Electronic Thesis and Dissertation Repository


Doctor of Philosophy




Dr. Giovanni Fanchini


Graphene, a one atom thick planer sheet of carbon atoms, has attracted much attention in scientific and technological communities due to its remarkable electronic and physical properties. Graphene has been widely studied as an alternative to transparent conducting Indium Tin Oxide (ITO) electrodes in organic photovoltaics fabrication. Graphene platforms have also attracted interest in biological applications. However, large area graphene films are not yet widely commercialized because the fabrication techniques needed to prepare high quality graphene are expensive and non-scalable. More importantly, most of the low cost fabrication techniques require using toxic materials, which are not biocompatible for using graphene in bio-applications.

In this work, we have proposed ribonucleic acid (RNA), a nonionic surfactant, for exfoliation of graphite in single and few layered graphene flakes in water solution and the subsequent preparation of transparent and conducting graphene-RNA thin films. A number of pre- and post-deposition treatments were performed to improve the electrical and optical performance of graphene-RNA thin films. We further assembled organic photovoltaics on such graphene electrodes using poly(3-hexyl-thiophene):phenyl-C61-butyric acid methyl ester blended photoactive layers. Such photovoltaic devices exhibited high open circuit voltages compared with the reference ITO-based devices. The origin of open circuit voltage was investigated using Kelvin Probe Force Microscopy (KPFM) in the dark and under light irradiation.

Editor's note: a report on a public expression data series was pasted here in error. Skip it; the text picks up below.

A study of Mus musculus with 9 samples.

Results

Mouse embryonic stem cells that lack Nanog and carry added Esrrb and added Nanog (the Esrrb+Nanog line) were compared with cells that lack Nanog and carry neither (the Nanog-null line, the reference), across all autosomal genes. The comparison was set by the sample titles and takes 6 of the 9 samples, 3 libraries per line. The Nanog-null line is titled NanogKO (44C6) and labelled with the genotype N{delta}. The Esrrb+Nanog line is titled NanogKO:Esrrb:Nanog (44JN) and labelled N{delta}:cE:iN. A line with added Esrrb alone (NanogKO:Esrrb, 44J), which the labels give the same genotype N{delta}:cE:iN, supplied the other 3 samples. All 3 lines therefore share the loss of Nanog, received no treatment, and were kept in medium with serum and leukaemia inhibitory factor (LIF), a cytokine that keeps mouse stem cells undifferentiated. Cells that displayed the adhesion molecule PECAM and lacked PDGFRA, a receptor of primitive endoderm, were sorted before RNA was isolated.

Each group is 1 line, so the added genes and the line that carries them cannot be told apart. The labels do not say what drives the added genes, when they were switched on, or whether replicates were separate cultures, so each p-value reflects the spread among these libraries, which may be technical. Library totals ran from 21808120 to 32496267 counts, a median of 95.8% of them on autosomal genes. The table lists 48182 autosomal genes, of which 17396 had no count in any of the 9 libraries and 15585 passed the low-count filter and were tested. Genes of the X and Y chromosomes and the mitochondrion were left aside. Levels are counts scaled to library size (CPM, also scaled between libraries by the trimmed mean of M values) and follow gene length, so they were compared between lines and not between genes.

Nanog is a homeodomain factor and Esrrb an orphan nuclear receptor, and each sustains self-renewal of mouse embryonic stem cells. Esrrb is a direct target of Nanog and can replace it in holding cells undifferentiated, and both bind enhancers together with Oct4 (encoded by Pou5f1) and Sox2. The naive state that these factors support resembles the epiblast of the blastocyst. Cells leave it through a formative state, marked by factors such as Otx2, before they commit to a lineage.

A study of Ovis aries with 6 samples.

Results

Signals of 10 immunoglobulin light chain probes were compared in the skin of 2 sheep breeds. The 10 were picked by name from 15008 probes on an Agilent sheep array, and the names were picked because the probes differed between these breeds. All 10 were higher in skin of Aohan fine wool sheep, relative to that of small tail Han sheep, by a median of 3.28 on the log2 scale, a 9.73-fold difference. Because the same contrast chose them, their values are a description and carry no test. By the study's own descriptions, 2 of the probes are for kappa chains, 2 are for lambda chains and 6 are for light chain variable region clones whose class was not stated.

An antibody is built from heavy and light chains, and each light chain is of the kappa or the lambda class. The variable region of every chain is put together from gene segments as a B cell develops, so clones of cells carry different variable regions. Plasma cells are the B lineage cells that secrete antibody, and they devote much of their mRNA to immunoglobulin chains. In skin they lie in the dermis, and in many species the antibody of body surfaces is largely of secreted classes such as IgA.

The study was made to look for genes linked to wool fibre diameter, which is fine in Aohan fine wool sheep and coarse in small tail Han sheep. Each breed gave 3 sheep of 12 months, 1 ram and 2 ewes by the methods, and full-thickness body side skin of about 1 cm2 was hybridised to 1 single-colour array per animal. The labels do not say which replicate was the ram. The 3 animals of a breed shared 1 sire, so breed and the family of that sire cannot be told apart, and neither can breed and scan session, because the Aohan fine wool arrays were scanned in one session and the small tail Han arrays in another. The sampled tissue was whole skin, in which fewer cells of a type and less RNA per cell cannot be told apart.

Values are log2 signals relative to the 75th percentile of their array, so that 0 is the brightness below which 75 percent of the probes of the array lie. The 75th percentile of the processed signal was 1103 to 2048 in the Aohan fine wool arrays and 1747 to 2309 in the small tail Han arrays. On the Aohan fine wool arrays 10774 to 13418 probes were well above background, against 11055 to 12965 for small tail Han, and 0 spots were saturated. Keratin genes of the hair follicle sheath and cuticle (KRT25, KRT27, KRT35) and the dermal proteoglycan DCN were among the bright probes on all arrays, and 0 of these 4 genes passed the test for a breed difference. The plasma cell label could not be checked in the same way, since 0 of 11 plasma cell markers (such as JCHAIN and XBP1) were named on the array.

In our study, we have also demonstrated the fabrication of photovoltaic devices from cost-effective, water-soluble, and bio-sensitive acridine orange molecules. We investigated the morphology and work function of acridine orange using Atomic Force Microscopy and KPFM. Acridine orange’s ability to generate sufficient amounts of photo carriers was also demonstrated using KPFM under laser irradiation.

To this end, the adhesion of eight proteinogenic amino acids, including Arginine, Tryptophan, Histidine, Lysine, Phenylalanine, Alanine, Asparagine, and Aspartic acid, on the graphene samples was studied using KPFM. The adhesion energy was increased in the order of Ala< Asp< Asn< Lys< Phe< His< Trp< Arg. The results were in good agreement with the previous theoretical calculations of the van der Waals contributions for the adsorption energies of different amino acids with the graphene surface.